A no-contest, or in terrorem, clause, is frequently used in wills, trusts and other estate planning documents to minimize the likelihood of a disgruntled beneficiary challenging the estate plan. The phrase ‘in terrorem’ is Latin meaning ‘to frighten’ or ‘terror’. The basic concept is that if a beneficiary launches an attack on the estate plan and is not able to convince a court to change it, then that beneficiary loses any gift under the estate plan. A typical no-contest clause might reduce an expected intestacy gift (perhaps 50% of the estate), down to something smaller, perhaps 10% of the estate. Under this hypothetical, if the beneficiary accepts the estate plan, he receives the 10% gift, but if he challenges the plan (hoping to receive 50%) and loses, he receives nothing. No contests clauses are quite common in California and have been the subject of evolving legislation and extensive litigation.
Now from Russia comes penalty that exceeds anything dreamed up by the most creative estate planner. On February 12, 2008, Badri Patarkatsishvili, described as a post-Soviet Oligarch, died of a massive heart attack leaving an estate allegedly valued at billions of dollars. According to his family, Mr. Patarkatsishvili did not leave a will. In a recent Los Angeles Times article, a Russian-born New York lawyer named Emanuel Zeltser appeared at Mr. Patarkatsishvili’s wake and advised the grieving widow that her late husband had signed a secret will naming him and a half-cousin as executor. During the following month, attorney Zeltser and the half-cousin sought access to Mr. Patarkatsishvili’s global investments. Mr. Patarkatsishvili’s family sued in U.S. federal court, accusing the two Americans of trying to loot the huge estate with forged documents. The family called Zeltser’s documents “invalid …” noting that several “appear to be forgeries”.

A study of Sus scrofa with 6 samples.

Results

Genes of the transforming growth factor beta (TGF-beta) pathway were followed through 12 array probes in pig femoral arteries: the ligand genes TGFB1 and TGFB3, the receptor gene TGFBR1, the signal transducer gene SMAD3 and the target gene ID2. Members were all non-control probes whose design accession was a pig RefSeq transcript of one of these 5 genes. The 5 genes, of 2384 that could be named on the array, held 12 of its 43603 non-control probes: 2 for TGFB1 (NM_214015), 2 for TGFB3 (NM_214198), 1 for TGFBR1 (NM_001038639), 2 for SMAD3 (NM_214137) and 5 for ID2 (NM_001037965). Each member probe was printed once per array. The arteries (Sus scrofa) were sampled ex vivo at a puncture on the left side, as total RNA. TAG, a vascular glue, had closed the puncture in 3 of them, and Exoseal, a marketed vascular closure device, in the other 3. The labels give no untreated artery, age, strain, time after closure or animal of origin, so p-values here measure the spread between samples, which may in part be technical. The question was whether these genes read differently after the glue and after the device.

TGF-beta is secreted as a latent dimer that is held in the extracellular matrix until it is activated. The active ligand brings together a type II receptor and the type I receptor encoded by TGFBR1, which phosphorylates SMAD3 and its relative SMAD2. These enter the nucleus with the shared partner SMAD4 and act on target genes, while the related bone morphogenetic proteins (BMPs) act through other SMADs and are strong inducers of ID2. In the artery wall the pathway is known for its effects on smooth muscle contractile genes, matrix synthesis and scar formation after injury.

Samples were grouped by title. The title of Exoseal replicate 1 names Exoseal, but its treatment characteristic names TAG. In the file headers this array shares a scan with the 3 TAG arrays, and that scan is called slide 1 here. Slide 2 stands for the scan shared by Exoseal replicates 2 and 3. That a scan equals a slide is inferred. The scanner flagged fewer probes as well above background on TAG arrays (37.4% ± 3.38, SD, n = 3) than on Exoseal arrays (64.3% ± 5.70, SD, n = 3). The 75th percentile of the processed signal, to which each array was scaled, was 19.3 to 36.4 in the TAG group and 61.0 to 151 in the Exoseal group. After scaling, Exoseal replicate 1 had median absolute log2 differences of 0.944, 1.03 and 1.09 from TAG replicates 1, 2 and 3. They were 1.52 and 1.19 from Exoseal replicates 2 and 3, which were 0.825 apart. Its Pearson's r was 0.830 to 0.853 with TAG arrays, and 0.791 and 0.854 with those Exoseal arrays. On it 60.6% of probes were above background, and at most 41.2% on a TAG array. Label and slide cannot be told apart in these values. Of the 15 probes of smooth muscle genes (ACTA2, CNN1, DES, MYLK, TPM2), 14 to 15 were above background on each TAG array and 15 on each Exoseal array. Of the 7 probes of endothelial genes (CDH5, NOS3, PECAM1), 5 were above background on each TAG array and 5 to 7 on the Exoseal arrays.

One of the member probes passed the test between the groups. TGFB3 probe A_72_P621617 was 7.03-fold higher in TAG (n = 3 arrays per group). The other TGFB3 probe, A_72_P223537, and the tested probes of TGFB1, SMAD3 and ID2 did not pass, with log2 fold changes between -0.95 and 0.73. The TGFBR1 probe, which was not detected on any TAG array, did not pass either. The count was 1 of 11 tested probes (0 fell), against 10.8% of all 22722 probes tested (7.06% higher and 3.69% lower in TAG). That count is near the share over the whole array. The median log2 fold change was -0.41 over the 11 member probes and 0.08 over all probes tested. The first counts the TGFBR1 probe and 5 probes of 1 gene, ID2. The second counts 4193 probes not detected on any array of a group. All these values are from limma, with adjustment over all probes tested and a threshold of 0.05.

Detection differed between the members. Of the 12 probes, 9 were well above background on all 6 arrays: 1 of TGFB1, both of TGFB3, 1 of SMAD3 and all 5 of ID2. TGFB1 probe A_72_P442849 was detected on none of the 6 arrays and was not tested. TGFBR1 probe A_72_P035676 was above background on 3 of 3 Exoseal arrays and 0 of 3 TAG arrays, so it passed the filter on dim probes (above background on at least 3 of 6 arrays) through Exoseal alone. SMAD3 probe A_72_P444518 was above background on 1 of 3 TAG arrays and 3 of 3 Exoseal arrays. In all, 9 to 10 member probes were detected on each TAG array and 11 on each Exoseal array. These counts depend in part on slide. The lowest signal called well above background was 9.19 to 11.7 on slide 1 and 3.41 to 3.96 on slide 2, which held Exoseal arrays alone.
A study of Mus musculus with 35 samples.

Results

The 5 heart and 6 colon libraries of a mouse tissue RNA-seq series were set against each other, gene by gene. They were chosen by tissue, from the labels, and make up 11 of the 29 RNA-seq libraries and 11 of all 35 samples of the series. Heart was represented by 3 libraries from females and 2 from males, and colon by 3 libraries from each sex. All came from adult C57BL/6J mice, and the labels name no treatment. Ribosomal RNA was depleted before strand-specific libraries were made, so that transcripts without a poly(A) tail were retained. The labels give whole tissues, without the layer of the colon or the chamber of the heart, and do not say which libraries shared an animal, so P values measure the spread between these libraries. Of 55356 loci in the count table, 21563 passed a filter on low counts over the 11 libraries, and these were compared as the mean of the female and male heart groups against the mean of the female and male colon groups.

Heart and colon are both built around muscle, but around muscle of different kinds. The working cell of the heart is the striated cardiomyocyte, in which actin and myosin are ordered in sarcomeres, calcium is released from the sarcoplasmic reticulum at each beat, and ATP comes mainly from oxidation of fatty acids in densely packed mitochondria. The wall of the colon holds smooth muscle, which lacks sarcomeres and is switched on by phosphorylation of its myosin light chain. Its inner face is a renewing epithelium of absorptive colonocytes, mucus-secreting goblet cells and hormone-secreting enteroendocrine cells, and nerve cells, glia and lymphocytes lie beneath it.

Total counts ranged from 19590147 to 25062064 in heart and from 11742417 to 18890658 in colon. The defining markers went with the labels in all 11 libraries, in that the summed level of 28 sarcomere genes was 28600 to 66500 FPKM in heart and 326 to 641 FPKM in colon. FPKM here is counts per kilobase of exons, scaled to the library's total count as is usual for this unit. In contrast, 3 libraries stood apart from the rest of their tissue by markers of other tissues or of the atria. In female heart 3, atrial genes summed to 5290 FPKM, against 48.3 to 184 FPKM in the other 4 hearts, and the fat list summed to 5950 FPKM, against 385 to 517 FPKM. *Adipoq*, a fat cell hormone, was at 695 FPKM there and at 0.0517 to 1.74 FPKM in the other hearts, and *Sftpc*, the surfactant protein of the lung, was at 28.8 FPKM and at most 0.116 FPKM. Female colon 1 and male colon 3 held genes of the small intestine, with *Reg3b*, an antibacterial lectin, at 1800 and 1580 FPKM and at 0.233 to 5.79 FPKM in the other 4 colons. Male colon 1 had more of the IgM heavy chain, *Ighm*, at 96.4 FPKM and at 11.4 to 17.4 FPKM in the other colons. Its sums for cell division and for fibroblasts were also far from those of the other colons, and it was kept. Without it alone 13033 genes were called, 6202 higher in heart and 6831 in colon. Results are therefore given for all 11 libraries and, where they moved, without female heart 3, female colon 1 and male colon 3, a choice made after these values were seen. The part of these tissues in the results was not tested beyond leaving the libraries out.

According to the Los Angeles Times, attorney Zeltser had a very colorful background. Born in Siberia, Zeltser immigrated to Texas in 1974 and in 1990, was admitted to practice law in New York. During his time in the United States, Zeltser has been sued at least three times for alleged fraud including one New Jersey case where a jury concluded that Zeltser had wrongfully seized a business and was ordered to pay more than $2 million in damages. In 1993, attorney Zeltser was retained by a Russian bank, but was later accused of using his position to steal as much as $6 million of investment accounts. An attorney for the bank declared that Zeltser was a “career con man” who “forges documents on a routine basis.”
In early March, Zeltser met several times with Boris Berezovsky, another Russian oligarch and former business partner of Mr. Patarkatsishvili. While Mr. Berezovsky backed Mr. Patarkatsishvili’s widow, Zeltser allegedly proposed they work together instead and drafted an agreement to secretly divide most of the assets between them, leaving only 15% for the family. On March 11, 2008, the offer was rejected when Messrs. Zeltser and Berezovsky shared a meal at a London restaurant. After the meal, Zeltser allegedly boarded Berezovsky’s private jet believing that he was heading to Miami, but instead landed in Minsk, the capital of Belarus. Zeltser was arrested at the airport and charged with economic espionage and using false official documents to defraud Mr. Patarkatsishvili’s estate. After a closed-door trial, Zeltser was sentenced to three years in Penal Colony #15 in eastern Belarus, where he remains to this day.
I can think of at least a few clients over the years that would love to include such a clause in their estate planning documents. While not possible in the United States, attorney Zeltser’s case certainly presents a cautionary tale for those fighting over estate planning documents in other jurisdictions.